Amid global challenges, government must continue supporting key and emerging export sectors to maintain the country’s trade growth, the National Economic and Development Authority said.

The Philippine Statistics Authority reported that the country’s total trade grew for the fifth consecutive month in August 2018 by 7.8 percent, reaching USD15.8 billion. Imports and exports grew by 11.0 percent and 3.1 percent, respectively.

“In order to sustain the country’s trade growth, targeted interventions that aim to mitigate vulnerabilities, increase production capacities, and level up coping strategies to global market trends and shocks must be put in place,” NEDA Officer-in-Charge (OIC) and Undersecretary Rosemarie G. Edillon said.

Exports continued its third month of gradual recovery during the month at 3.1 percent from a nearly flat performance of 0.3 percent the previous month. This was buoyed by electronic products, mineral products, and fruits and vegetables.

She said key strategies to improve the overall climate for export development are identified in the Philippine Export Development Plan 2018-2022. These include removing unnecessary regulatory impediments, raising productivity and competitiveness of Philippine enterprises, upgrading export quality and standards, improving access to trade finance, and enhancing export sectors’ innovative capacities.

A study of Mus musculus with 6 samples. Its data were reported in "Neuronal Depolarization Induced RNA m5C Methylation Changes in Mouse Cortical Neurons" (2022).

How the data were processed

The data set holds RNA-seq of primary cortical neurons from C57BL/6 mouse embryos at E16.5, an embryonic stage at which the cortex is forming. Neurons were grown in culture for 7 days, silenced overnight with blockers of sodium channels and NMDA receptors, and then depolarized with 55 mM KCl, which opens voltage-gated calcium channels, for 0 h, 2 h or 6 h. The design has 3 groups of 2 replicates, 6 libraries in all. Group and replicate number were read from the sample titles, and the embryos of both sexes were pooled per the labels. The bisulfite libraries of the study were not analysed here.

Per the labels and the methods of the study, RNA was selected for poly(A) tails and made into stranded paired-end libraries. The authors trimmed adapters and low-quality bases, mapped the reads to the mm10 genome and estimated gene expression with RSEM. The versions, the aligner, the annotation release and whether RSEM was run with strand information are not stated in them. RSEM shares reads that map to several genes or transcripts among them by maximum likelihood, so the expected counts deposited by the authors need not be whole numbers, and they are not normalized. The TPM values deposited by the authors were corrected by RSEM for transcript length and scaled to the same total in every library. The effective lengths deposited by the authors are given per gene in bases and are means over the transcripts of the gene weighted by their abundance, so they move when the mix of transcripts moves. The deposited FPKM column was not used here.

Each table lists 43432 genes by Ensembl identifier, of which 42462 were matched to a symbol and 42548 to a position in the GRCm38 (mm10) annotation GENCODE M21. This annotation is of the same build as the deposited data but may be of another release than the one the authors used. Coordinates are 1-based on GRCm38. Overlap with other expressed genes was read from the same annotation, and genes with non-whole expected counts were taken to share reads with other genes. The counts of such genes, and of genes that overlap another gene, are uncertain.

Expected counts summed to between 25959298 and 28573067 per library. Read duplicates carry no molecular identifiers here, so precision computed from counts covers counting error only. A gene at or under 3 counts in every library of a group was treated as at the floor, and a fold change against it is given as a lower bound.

“The immediate implementation of the Ease of Doing Business Act will also be vital in attracting competitive firms to enter the country’s exporting industry. The approval of the 11th Foreign Investment Negative List should further ease restriction on foreign investments and prop-up domestic economic activity,” Edillon said.

Meanwhile, growth of imports slowed to 11.0 percent from 31.6 percent in July 2018.

Imports growth softened because of weaker purchases of capital goods, raw materials & intermediate goods, and consumer goods.

Edillon said the total import bill is expected to accelerate further in the coming months driven by capital goods to support the Build, Build, Build program. Payments for oil will also be higher as international prices push upwards the costs of importation.

She added global growth is projected to remain steady at 3.7 percent in 2018 and 2019 based on the latest International Monetary Fund outlook as of October 2018. However, this is a downward revision from the July forecast of 3.9 percent for both 2018 and 2019 due to waning momentum in some advanced countries, among others.

“As trade tensions mount between the US and China, some manufacturing firms may seek to relocate their production, especially to Southeast Asia. This opens up opportunities for the Philippines to become a viable destination for export-oriented firms,” she said.

Edillon is OIC of NEDA while Socioeconomic Planning Secretary Ernesto M. Pernia is on official travel abroad.